Green Party On Public Campaign Financing Commission Meeting: "Pivotal Moment" for New York Politics
NEW YORK, Aug 21, 2019 — The Green Party of New York (GPNY) said today's meeting of the Public Campaign Financing Commission, empaneled by the Governor and Legislature, has the opportunity to propose urgently-needed reforms to broaden and strengthen democracy in New York. GPNY officers stated they "support a system of full public campaign financing, broader than had been proposed by the Governor," and the "banning of fusion." Party officers also promised their members will express support of these reforms to the commission.
Green Party of New York
For Immediate Release
August 21, 2019
"New York needs a system of full public campaign financing, like Maine's," said GPNY Co-Chair Gloria Mattera. "The matching funds system proposed by the Governor, with its high donation threshold to participate, was designed to aid incumbents and mostly exclude third party and independent candidates who rely on grassroots support. Commission members have a chance to broaden democracy and limit the corruption epidemic in New York by putting forth a bold system of full public campaign financing based on the support of community members, not the donor class," said Mattera.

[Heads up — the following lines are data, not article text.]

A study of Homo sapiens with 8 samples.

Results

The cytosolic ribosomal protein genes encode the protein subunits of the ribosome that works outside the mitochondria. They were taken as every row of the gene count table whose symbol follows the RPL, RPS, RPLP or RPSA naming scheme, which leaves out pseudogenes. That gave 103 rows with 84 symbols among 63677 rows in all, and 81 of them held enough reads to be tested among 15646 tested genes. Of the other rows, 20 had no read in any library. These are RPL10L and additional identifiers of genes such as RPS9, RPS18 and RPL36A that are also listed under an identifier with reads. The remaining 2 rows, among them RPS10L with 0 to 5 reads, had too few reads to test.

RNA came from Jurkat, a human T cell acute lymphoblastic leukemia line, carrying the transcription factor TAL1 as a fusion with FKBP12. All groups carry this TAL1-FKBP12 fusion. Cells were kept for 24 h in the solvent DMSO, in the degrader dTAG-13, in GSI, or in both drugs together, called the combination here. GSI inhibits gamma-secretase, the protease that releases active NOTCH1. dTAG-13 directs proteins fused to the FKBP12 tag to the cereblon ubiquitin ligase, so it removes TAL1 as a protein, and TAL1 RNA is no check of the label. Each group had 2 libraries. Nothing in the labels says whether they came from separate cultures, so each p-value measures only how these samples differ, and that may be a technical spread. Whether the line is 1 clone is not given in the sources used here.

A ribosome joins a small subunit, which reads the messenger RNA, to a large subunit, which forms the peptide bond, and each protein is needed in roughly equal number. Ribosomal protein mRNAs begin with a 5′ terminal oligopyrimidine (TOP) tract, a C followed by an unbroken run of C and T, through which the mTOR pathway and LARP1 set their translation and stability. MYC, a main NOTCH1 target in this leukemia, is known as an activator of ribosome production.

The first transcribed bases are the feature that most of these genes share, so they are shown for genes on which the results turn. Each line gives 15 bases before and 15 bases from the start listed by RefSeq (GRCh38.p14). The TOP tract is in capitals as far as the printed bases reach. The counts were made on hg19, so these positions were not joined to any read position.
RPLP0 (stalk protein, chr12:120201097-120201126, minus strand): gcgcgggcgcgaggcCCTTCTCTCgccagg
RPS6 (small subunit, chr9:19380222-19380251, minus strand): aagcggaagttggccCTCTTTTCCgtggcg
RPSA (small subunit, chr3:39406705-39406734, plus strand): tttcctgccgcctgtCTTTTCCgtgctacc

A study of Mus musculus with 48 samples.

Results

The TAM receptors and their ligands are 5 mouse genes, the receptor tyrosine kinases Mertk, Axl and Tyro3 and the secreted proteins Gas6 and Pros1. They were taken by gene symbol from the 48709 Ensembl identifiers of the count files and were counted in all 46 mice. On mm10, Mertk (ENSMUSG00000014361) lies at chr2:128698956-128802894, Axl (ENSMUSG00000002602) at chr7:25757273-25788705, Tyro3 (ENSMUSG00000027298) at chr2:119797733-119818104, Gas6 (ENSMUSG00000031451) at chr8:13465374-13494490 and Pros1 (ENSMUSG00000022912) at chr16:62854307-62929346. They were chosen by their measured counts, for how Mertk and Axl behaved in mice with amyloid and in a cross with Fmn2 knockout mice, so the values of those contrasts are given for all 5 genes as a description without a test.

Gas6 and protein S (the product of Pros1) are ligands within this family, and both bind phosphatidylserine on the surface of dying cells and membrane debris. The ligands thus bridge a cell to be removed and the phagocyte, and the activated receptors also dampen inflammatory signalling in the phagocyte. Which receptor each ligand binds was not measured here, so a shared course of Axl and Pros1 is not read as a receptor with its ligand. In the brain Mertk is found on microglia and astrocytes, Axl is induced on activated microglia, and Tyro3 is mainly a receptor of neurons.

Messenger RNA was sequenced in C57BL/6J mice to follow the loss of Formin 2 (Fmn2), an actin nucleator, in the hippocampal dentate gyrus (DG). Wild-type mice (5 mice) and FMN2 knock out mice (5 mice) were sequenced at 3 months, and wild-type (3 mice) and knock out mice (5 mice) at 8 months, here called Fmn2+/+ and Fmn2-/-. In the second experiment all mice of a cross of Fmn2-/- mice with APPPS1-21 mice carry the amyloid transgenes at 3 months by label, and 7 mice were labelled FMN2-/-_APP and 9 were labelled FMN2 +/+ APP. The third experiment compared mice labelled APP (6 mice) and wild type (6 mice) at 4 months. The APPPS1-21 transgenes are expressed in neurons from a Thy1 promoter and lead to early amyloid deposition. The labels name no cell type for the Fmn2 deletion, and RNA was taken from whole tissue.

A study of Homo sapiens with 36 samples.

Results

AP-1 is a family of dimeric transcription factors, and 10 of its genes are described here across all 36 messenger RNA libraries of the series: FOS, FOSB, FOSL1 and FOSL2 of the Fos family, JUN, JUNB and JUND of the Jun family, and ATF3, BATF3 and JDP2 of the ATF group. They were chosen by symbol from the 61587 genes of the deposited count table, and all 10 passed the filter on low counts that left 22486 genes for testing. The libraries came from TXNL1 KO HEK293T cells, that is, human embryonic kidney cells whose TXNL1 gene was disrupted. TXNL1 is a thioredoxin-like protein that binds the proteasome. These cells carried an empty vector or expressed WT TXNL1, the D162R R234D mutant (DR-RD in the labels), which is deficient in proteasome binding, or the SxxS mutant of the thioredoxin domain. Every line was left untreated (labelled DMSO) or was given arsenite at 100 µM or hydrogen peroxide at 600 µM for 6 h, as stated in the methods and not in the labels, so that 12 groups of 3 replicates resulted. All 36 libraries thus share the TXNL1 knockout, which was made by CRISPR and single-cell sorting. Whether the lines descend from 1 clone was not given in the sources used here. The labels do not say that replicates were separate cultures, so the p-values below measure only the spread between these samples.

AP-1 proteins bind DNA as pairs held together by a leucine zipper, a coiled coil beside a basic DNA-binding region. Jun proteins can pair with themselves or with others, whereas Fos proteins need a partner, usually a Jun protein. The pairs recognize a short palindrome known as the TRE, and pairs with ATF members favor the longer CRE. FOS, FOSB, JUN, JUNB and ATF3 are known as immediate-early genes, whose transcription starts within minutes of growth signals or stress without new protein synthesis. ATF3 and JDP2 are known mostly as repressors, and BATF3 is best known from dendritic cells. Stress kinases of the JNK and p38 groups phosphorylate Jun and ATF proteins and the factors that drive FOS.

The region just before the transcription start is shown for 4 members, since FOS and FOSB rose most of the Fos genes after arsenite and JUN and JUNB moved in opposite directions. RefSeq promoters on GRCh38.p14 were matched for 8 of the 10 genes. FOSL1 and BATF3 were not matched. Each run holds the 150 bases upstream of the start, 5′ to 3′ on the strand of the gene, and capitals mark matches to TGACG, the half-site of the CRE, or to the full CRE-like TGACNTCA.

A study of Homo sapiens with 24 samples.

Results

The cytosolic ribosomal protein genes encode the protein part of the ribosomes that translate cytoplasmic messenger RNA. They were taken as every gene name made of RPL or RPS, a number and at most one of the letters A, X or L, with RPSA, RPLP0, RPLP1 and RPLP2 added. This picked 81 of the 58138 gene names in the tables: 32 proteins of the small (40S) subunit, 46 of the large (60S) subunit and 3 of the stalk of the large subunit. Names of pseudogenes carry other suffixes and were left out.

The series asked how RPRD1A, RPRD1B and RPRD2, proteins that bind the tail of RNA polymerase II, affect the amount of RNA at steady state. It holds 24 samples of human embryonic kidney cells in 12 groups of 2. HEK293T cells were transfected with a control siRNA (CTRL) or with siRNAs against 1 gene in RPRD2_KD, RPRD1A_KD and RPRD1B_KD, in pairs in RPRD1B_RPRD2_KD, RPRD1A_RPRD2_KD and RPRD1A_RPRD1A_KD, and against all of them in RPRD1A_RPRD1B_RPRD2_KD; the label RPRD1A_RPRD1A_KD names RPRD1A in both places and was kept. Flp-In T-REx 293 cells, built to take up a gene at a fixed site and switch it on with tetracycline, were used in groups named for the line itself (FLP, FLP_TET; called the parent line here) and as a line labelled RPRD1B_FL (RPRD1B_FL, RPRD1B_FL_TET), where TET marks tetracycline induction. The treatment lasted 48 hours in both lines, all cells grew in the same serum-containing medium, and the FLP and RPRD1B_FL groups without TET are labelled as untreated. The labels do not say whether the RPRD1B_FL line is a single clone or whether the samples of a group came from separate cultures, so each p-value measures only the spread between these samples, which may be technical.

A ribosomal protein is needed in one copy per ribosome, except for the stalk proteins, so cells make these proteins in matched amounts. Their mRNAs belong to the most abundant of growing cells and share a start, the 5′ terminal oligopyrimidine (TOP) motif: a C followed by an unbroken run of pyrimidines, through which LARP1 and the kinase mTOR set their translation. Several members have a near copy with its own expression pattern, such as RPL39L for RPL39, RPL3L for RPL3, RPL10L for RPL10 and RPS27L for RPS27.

The Commission has the power to propose sweeping reforms to both campaign finance and election law that will become law in December unless the Legislature moves to alter their proposal.
"The Commission has an open door to ban fusion in New York, a step the Green Party would welcome," said GPNY Co-Chair Peter LaVenia. "Banning fusion would eliminate the confusion and corruption created by patronage parties selling their line to Democrats and Republicans, and would have the added benefit of essentially eliminating opportunity-to-ballot" continued LaVenia, citing the obscure mechanism through which political machines can seize the ballot lines of developing parties with only a few signatures and primary votes. "Eliminating fusion would create clarity and trust at the ballot box and would encourage candidates to run with a coherent platform and a party that actually shares their values," concluded LaVenia. "That's what parties are supposed to be for, and that's what New York deserves."